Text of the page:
Eight weeks after Hamas attacked Israel, US universities continue to grapple with the discord the ensuing war has sparked on campuses, raising a myriad of weighty issues around topics like free speech — and the institutions’ role in managing them.

Last week, the US Department of Education opened an investigation into Harvard’s handling of alleged antisemitism on campus, adding the immensely influential university to a list of schools already being probed including Cornell and Columbia universities, the University of Pennsylvania and Cooper Union.

More than 150 University of California professors signed a letter opposing president Michael Drake's proposal for "viewpoint-neutral" Middle East history classes.

Students are gearing up to fight schools in court, claiming they are the victims of civil rights violations.  Florida officials face two lawsuits related to the university system disbanding a pro-Palestinian group. Three Jewish NYU students are suing the university for allegedly not enforcing its anti-discrimination policies.

All of which speaks to the enormously difficult spot higher education has been in since the Oct. 7 attacks unleashed fierce discord on college campuses, which continues as the war persists and humanitarian crisis in Gaza worsens.

Unlike other recent world events that have mobilized campuses (most notably George Floyd’s murder and Russia’s invasion of Ukraine), the Israel-Hamas war has failed to galvanize academics to take stands on the issue, largely because the high stakes, complexity and passion on both sides of the issue make taking a position a dangerous prospect.

“Even nations who have experts and state departments and foreign ministries are sort of caught a little off guard about what to do next,” a source said. “Why should a small liberal arts colleges know better?”

Public responses have run the gamut from the heads of Northwestern, Stanford and Williams pledging their neutrality to University of Florida president Ben Sasse writing a pointed pro-Israel letter to Jewish students while criticizing his counterparts’ silence on the initial Hamas attack. “It’s easy to condemn evil as evil,” he said.

Communicators who specialize in higher education (all of whom requested anonymity) said the heat academics are feeling on this one is real, stemming from immense internal and external pressures and that, as history already shows, making missteps could jeopardize their schools' reputational and financial wellbeing.

University of Pennsylvania Liz Magill, for instance, has been under fire, leading her to launch an action plan to fight antisemitism in response to a donor backlash (and calls for her resignation) that started before the Gaza war but was inflamed by the school’s silence on the Hamas attacks. The Wexner Foundation, started by Victoria’s Secret billionaire Leslie Wexner, ended its decades-long relationship with Harvard over its “dismal failure” to condemn Hamas’ terror attack. University of California regent Jay Sures blasted a UC faculty group for condemning the system’s use of the word “terrorism” to describe the Hamas attack.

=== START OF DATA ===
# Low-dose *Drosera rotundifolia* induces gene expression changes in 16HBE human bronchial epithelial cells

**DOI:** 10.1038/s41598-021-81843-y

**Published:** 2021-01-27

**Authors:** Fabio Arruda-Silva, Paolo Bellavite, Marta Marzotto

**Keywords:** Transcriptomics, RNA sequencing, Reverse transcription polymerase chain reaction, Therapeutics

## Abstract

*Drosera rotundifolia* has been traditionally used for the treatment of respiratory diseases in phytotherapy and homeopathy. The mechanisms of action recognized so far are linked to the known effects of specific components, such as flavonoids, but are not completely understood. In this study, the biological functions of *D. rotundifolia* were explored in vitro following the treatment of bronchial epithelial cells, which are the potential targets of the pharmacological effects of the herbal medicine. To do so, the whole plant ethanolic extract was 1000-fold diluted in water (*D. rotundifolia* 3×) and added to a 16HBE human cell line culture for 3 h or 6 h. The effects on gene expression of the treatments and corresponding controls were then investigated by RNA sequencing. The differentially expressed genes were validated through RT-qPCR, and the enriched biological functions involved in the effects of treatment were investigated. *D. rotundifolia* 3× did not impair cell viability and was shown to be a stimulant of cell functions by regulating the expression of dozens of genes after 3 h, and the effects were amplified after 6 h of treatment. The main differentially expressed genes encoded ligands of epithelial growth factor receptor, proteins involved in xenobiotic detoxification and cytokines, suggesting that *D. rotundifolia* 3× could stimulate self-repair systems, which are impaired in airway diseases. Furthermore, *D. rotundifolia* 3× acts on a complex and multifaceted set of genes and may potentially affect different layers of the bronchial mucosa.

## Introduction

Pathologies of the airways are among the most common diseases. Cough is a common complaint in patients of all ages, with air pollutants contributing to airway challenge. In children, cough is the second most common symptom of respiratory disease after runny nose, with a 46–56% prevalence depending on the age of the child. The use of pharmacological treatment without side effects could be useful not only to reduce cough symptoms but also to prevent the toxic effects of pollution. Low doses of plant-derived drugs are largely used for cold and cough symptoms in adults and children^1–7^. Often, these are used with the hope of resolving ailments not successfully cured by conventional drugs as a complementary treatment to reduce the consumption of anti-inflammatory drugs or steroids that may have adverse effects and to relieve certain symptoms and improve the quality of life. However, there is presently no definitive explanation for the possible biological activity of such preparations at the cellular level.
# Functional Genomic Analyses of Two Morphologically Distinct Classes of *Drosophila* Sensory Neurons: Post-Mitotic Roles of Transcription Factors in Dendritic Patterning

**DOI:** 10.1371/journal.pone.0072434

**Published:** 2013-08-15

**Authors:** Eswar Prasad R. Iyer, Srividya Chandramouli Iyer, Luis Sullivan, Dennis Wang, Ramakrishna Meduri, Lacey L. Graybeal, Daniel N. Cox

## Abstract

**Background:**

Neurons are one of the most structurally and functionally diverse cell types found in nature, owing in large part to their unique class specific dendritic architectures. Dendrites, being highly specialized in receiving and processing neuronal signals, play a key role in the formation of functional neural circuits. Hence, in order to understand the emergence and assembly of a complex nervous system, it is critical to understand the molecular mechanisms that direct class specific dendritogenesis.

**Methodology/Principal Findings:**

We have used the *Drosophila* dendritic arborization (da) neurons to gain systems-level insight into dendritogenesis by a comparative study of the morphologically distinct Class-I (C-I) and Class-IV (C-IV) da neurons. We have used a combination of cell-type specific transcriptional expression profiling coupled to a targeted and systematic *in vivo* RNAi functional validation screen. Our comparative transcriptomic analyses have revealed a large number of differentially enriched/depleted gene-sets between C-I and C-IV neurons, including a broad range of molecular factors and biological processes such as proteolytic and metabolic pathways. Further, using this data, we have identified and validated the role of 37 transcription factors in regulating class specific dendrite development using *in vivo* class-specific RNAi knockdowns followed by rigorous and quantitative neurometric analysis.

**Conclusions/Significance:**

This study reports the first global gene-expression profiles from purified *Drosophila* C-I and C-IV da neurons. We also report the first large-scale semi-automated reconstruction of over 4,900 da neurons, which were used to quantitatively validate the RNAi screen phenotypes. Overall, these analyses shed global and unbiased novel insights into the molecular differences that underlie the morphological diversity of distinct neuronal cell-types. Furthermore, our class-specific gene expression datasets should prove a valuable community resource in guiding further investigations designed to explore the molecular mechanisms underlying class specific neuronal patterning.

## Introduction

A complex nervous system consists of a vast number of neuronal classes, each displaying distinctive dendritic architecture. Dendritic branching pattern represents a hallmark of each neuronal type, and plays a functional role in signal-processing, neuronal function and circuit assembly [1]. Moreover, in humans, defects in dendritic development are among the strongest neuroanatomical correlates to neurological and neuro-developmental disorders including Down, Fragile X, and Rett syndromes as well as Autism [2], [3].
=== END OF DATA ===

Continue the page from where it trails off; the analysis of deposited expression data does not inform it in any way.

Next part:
“You have to condemn antisemitism. It has to be done. It’s completely appropriate to mourn the loss of life in Gaza,” a source said. “You have to think carefully about doing anything beyond that.”

Yet communicators said that universities — more than any other organizations or institutions — should be leading public discourse on the Middle East, given that encouraging critical thinking, academic freedom, fostering debate and creating a safe environment for diverse views and populations are core to their missions.

The fact that two months into the Gaza war students are still being subjected to hate, be it antisemitism or Islamophobia, and living in fear shows a dearth of leadership in academia — and the failure of institutions to set a tone that allows for freedom of expression but only with respect and tolerance of others, they said.

At the same time, however, communicators say the “dizzying” array of internal and external pressures on higher ed leaders leaders (representing comms, legal, development, top administration and more) makes taking a leadership role on this issue a nearly untenable goal for universities, given stakeholders competing interests — and the reputational and financial risks that come with being anything other than completely impartial.

University leaders, they said, should be focusing their efforts and communications on internal audiences and “listen, listen, listen” to what they want as means of meeting their expectations in ways that align with schools’ core values.

“A college it is supposed to be a place where people with a lot of different ideas who are developing into adulthood and civic engagement learn how to do it and do so respectfully,” a PR consultant said. “What you are seeing is not intolerance but the process of learning.”